The Thin Red Line

United States Army Private Witt goes AWOL from his unit and lives among the carefree Melanesian natives in the South Pacific. He is found and imprisoned on a troop carrier by First Sergeant Welsh of his company. The men of C Company, 1st Battalion, 27th Infantry Regiment, 25th Infantry Division have been brought to Guadalcanal as reinforcements in the campaign to secure Henderson Field and seize the island from the Japanese. As they wait in a Navy transport, they contemplate their lives and the invasion. Battalion commander Lieutenant Colonel Tall talks with Brigadier General Quintard about the invasion and its importance.

C Company lands on Guadalcanal unopposed and marches to the interior of the island, encountering natives and evidence of the Japanese presence. They arrive near Hill 210, a key Japanese position. The Japanese have placed bunkers at the top of the hill and anyone attempting the climb will be cut down.

A brief shelling of the hill begins the next day at dawn. C Company attempts to capture the hill but is repelled by gunfire. Among the first killed is one of the platoon leaders, Second Lieutenant Whyte. Later in the battle, having advanced further up the hill, a squad led by Sergeant Keck hides behind a knoll safe from enemy fire to wait for reinforcements. Keck reaches for a grenade on his belt and accidentally pulls the pin, then throws himself back so that he will be the only one to die. Lieutenant Colonel Tall orders the company commander, Captain James Staros, to take the bunker by frontal assault, at whatever cost. Staros refuses and Tall decides to join Staros on the front line to see the situation. The Japanese resistance seems to have lessened, and Tall’s opinion of Staros seems to have been sealed. Private Witt, having been assigned punitively as a stretcher bearer, asks to rejoin the company, and is allowed to do so.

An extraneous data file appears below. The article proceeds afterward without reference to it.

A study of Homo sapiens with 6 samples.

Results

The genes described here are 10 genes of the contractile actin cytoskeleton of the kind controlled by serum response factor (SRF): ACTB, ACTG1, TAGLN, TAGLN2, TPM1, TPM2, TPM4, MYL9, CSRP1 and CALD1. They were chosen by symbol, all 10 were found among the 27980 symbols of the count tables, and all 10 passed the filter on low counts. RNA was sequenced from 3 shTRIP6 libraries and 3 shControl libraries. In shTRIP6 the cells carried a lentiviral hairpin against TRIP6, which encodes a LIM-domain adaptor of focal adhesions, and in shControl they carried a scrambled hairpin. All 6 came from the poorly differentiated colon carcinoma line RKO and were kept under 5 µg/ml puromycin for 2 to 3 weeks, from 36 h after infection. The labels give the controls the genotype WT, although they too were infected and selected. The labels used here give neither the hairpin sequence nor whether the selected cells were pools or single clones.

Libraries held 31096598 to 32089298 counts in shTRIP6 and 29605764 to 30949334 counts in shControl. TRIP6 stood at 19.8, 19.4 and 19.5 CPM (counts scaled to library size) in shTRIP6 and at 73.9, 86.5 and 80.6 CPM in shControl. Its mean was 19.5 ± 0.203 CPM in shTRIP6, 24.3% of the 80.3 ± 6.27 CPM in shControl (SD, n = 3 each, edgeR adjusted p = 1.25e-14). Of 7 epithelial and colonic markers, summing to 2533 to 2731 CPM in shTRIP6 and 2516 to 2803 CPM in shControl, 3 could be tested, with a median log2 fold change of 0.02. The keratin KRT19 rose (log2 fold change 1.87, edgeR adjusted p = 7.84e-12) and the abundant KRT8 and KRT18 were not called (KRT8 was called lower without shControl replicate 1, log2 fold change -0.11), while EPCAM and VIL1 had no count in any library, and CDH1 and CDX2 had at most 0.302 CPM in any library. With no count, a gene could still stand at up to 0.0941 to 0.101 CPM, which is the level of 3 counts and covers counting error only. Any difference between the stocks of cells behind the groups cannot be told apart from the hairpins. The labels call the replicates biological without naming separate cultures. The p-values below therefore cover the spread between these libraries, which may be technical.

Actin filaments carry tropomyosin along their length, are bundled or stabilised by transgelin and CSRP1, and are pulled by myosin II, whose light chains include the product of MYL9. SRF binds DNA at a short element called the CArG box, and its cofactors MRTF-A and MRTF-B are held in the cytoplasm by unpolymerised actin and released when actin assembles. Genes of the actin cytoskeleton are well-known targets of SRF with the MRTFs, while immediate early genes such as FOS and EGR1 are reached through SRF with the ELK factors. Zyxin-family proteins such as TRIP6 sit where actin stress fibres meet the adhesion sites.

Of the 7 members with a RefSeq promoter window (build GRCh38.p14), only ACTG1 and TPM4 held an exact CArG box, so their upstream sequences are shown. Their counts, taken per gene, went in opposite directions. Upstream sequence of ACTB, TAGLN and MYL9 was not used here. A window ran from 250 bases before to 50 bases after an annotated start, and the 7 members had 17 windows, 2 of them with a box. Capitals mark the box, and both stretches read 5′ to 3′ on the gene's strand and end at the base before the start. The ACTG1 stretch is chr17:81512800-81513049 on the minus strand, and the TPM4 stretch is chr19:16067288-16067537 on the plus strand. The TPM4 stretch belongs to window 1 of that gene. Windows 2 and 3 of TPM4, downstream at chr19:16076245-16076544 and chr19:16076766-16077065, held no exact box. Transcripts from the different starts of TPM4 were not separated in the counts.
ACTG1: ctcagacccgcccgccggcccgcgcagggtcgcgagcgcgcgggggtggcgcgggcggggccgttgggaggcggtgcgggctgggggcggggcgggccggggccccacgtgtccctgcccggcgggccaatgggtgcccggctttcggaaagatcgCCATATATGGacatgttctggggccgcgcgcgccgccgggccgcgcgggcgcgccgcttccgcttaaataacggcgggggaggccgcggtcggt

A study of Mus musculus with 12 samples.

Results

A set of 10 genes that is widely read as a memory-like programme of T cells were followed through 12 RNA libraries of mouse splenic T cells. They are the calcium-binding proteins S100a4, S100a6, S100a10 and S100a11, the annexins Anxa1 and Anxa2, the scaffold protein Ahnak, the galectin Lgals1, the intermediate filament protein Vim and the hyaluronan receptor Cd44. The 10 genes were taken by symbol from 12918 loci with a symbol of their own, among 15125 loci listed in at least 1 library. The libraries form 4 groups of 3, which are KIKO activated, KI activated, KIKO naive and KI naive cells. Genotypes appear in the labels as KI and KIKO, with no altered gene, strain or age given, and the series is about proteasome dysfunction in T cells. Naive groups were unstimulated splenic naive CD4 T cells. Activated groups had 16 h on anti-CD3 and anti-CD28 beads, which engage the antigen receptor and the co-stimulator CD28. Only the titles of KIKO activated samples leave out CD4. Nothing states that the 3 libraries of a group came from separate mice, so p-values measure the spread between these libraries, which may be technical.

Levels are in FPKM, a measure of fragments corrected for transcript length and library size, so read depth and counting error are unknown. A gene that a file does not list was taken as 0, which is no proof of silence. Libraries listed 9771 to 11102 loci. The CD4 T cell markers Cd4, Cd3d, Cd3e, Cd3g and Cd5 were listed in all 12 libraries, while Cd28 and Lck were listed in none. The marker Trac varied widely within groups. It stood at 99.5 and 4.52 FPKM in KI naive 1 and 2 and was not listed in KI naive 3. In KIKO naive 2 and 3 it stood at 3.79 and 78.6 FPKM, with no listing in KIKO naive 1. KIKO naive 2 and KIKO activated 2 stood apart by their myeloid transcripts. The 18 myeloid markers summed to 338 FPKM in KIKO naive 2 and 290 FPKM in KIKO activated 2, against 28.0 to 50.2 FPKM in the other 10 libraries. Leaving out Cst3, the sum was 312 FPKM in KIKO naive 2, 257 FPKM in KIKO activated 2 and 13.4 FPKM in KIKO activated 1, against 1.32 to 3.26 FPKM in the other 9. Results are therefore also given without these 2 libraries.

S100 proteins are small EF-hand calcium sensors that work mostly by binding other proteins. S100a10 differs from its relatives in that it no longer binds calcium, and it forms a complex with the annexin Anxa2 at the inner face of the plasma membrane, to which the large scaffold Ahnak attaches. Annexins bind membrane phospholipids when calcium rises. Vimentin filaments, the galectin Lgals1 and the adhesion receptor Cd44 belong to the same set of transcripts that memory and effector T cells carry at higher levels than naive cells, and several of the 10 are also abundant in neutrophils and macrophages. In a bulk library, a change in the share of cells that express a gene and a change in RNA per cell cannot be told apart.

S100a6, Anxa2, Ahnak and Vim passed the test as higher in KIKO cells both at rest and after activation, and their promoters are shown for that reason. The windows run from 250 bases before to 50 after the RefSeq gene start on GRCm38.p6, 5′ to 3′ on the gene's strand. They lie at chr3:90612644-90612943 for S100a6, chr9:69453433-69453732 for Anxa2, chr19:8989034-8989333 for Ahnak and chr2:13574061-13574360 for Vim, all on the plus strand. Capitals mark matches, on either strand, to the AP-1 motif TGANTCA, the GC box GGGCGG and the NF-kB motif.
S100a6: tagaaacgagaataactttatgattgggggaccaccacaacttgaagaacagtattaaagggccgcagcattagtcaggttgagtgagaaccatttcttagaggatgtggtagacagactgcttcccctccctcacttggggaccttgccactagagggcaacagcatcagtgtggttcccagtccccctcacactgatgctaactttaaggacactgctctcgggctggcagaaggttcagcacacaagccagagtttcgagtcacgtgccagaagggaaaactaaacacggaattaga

A small detachment of men performs a reconnaissance mission on Tall’s orders to determine the strength of the Japanese bunker. Private Bell reports there are five machine guns in the bunker. He joins another small team of men (including Witt), led by Captain John Gaff, on a flanking mission to take the bunker. The operation is a success and C Company overruns one of the last Japanese strongholds on the island. The Japanese they find are largely malnourished and dying, and put up little resistance. For their efforts, the men are given a week’s leave, though they find little joy in the respite in the fighting: the airfield where they are based comes under enemy artillery bombardment; Captain Staros is relieved of his command by Lieutenant Colonel Tall, who deems him too soft for the pressures of combat and suggests that he apply for reassignment and become a lawyer in the JAG in Washington. He offers to arrange a Silver Star for Staros, to avoid the unit’s name being stained by having an officer removed from command. Bell receives a letter from his wife informing him that she has fallen in love with someone else and wishes to divorce. Witt comes across the locals and notices that they have grown distant and distrustful of him and quarrel regularly with one another.

The company is sent on patrol up a river but with the inexperienced 1st Lieutenant George Band at its head. As Japanese artillery fire falls close to their positions, Band orders some men to scout upriver, with Witt volunteering to go along. They encounter an advancing Japanese column and are attacked. To buy time for Corporal Fife to go back and inform the rest of the unit, Witt draws away the Japanese but is then encircled by one of their squads, who demand that he surrender. He raises his rifle and is gunned down. The company is able to retreat safely, and Witt is later buried by his squadmates. C Company receives a new commander, Captain Bosche and boards a waiting LCT, departing from the island.